Understanding Assault

Understanding Assault

*Trigger- this project includes content discussing sexual assault*

This project is a requirement of the GOA Abnormal Psychology Course. Using the process of design thinking, a challenge in the world of mental health was identified, interviews and research were undertaken, and a solution prototype was developed. Below you will find information about the identified area of concern and my proposed solution. Please feel free to provide feedback on this prototype, using questions such as “How might we…”, “What if….?”, “I wonder….”, “I like…”, and “I wish.” Keep the comments positive, please. For more information on the process of Design Thinking, click here.


Across the nation, consent curriculum has become a standard in both independent and private schools. Consent curriculum is extremely important, especially considering how many college students have come forth with stories of sexual assault. Because of movies such as The Hunting Ground, most people view sexual assault as a problem only prominent on college campuses. This leaves out an entire population of both younger and older than college -aged women and men. I sat through my own school’s consent curriculum, and realized it was solely preventative. It teaches students about the principles of consent, and how to determine if someone is able to give consent in certain circumstances. One thing consent curriculum does not cover is what to do if sexual assault has already occurred for a person or their friends. My goal of the catalyst project was to raise awareness to this flaw, and work with health educators to create resources and “Aftermath Curriculum” into the pre-existing consent curriculum.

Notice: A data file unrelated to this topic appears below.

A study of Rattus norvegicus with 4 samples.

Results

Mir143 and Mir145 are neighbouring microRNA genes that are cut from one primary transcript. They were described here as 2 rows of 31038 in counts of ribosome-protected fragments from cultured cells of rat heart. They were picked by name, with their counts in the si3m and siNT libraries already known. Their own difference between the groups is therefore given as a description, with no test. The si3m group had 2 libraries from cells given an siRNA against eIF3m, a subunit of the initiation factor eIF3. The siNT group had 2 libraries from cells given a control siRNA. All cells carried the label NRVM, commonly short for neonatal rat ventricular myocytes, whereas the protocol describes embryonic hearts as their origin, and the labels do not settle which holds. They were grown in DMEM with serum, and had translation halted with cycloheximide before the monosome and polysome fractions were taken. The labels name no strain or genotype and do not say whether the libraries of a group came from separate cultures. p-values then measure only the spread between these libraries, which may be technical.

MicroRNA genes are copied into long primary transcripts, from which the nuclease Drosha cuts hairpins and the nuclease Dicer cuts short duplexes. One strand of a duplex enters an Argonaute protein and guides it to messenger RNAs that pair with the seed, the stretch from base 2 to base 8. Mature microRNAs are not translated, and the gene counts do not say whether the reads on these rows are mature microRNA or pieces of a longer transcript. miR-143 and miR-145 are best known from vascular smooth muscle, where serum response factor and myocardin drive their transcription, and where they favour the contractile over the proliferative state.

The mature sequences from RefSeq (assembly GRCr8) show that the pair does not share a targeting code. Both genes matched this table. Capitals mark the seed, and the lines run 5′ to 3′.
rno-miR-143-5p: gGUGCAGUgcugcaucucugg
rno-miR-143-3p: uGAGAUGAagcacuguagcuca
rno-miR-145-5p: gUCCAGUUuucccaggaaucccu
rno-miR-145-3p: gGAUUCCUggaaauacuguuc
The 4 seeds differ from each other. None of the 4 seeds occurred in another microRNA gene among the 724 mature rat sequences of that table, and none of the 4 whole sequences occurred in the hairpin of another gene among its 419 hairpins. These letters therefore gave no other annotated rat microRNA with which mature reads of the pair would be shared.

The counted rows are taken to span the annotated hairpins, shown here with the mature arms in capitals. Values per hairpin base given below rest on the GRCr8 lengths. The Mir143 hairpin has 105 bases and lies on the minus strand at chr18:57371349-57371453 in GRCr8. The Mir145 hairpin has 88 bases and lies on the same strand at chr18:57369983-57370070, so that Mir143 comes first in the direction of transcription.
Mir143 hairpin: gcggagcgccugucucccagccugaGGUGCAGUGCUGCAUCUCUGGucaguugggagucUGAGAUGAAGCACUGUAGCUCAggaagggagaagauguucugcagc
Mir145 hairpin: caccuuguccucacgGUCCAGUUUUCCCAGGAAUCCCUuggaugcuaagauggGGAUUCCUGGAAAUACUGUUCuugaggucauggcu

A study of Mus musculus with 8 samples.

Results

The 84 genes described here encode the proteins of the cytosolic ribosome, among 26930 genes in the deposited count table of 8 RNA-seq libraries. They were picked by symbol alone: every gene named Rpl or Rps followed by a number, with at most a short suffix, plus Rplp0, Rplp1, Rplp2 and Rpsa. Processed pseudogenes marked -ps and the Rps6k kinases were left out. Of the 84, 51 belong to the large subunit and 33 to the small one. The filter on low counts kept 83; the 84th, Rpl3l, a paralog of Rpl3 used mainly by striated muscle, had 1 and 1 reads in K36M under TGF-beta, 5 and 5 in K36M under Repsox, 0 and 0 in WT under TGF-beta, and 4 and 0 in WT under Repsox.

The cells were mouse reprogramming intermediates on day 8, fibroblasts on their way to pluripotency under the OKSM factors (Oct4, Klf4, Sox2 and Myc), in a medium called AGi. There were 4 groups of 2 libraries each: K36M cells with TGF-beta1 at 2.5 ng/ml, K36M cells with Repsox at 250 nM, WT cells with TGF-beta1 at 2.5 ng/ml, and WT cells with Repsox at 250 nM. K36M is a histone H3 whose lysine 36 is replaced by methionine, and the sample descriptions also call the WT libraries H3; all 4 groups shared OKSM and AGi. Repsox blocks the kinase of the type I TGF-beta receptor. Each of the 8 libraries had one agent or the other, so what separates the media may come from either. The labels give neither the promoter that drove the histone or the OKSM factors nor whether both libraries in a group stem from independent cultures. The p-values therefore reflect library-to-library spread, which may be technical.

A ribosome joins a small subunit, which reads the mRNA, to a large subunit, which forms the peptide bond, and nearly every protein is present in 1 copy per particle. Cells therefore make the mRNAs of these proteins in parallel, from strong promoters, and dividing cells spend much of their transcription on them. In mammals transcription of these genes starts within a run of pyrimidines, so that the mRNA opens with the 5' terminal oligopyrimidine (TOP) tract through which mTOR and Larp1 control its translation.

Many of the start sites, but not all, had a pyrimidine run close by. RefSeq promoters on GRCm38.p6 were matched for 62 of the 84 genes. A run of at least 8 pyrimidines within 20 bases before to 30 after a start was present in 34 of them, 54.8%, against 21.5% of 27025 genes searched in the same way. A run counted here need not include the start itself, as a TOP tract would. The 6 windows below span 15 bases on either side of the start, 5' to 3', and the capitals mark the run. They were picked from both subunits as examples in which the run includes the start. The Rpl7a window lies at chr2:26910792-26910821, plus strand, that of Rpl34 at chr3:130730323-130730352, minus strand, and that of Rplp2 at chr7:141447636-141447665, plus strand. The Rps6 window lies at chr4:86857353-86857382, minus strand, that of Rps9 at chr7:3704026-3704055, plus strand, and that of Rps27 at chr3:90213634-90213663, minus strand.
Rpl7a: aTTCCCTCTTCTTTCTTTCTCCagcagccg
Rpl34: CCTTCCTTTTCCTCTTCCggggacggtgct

Statistics about sexual assault on minors-specifically high school aged minors.


The challenge with creating this kind of curriculum are the laws and school obligations. At my school specifically, all faculty are mandated reporters, meaning they are required to report instances of sexual assault to authorities and parents. If students want to talk to the counselor, depending on the situation, the counselor is legally obligated to inform the necessary people. Additionally, students are unaware of the pre-existing resources, like crisis centers and hotlines. Students often keep sexual assault private, which often leads to the victim experiencing anxiety, depression or forms of PTSD.



Understanding Assault Catalyst Project (Use this link to access my powerpoint)

I decided that in order to find a realistic solution, I wanted to talk to both my schools guidance counselor, Rachel Concannon, and my school’s health teacher, Laura Alberti. Listen in on the conversation:


Now I turn the task to you, the audience. Take into account what you, your students, your peers, learn about consent. Is it proficient in both teaching prevention and educating about their rights? The first step, obviously, is to know these rights and help educate others around you. In addition to having foundational knowledge about Title IX and its relation to sexual assault, you should strive to identify resources available to you in your community.

After thinking about what I wanted to do, I decided to talk to the leaders of our consent talks, the Women’s Affinity group and health educator, Laura Alberti. Everyone is confident that an “Aftermath Curriculum”  will be incorporated into the regular consent curriculum, but will be helping the committee formulate and visualize that further, in order to hone it in.